You're assuming that moral propositions are heuristics or a utilitarian optimization problem, and not moral facts that are simply true or not true. This is still a contentious debate, and not the only possibilities either.

In this case, the answers to your questions depends entirely on what the moral facts are. For example, it may be morally impermissible to take a life under any circumstances, which answers many of your questions quite clearly.

Unless you can build some sort of moral truth detector, "simply true or not true" is still a subjective proposition, because it's you believing that. So whatever you imagine the absolute truth to be is mostly irrelevant, in that you need to persuade other people with different viewpoints to behave the way you want. That leads you back pretty to utilitarian optimization problems.

I get that this doesn't have the thrilling clarity of some sort of moral fundamentalism. But that's my point. When two groups with different absolute moral beliefs conflict, our options are negotiation or murder. People like the El Paso killer clearly favor the latter. To me that's a sign that however much people hold absolute moral beliefs (and I hope it's relatively little), they should talk about it in utilitarian, relative terms.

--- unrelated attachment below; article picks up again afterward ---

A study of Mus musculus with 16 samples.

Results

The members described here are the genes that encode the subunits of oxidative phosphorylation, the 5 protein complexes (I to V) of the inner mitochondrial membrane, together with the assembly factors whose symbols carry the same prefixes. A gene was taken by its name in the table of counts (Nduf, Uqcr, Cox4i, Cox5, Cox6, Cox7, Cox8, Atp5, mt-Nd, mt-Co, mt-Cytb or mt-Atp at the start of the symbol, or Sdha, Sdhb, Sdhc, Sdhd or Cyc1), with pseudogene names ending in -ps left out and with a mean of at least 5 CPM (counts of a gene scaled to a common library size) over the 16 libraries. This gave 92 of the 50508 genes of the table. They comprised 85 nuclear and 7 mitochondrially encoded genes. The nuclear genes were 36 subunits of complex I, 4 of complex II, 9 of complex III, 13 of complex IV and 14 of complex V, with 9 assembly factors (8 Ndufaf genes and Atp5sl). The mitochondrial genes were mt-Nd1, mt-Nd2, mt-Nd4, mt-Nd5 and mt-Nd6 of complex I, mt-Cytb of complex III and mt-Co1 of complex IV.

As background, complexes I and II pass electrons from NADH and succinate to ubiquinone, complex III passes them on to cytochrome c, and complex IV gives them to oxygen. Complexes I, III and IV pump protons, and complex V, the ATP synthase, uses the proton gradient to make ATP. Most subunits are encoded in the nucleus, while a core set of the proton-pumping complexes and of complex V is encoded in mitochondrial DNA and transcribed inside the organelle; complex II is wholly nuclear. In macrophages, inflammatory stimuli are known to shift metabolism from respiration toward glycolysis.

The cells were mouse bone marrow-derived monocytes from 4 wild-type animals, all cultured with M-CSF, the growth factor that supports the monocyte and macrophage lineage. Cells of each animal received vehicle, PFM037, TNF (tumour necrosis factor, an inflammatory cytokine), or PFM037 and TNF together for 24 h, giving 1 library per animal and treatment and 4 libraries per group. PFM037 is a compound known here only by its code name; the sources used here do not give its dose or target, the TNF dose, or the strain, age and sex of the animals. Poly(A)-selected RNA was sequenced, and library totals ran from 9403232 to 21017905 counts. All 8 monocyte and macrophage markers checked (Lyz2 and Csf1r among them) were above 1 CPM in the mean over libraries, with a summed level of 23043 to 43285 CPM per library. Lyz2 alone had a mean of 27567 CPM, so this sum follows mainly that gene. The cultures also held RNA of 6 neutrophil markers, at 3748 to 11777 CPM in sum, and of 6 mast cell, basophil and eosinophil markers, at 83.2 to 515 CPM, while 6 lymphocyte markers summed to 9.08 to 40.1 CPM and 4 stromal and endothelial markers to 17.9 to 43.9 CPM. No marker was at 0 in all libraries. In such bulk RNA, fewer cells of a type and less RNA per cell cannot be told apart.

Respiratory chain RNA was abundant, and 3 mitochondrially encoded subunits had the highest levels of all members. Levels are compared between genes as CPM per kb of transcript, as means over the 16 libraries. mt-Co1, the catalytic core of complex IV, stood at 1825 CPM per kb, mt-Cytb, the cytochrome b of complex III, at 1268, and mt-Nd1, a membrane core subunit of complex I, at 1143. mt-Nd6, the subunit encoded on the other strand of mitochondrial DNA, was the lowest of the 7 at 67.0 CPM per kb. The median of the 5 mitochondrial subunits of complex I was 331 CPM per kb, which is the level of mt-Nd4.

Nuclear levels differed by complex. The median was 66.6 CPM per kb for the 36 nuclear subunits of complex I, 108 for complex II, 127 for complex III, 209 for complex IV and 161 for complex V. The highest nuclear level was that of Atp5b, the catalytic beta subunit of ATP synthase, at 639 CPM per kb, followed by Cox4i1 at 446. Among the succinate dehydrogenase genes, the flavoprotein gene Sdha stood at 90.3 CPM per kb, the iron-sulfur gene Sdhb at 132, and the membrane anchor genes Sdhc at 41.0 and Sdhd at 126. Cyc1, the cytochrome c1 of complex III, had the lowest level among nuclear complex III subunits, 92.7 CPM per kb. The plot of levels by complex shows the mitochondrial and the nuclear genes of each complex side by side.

> Unless you can build some sort of moral truth detector, "simply true or not true" is still a subjective proposition

See the Categorical Imperative, and also a Proof of the Objectivity of Morals: https://www.reddit.com/r/philosophy/comments/3etl9b/a_proof_...

There are very good reasons why most philosophers are moral realists.

I'll take your word for it that most human philosophers are moral realists. Even if true, I think that says more about human brains and the social structures that bless people as professional philosophers than it does about any deep nature of reality.

An invaluable observation, since practically all lizard philosophers are relativistic existentialists.

May be. My point was more that those questions need to be answered one way or another; I understood GP as saying they're unnecessary and are just muddying the waters.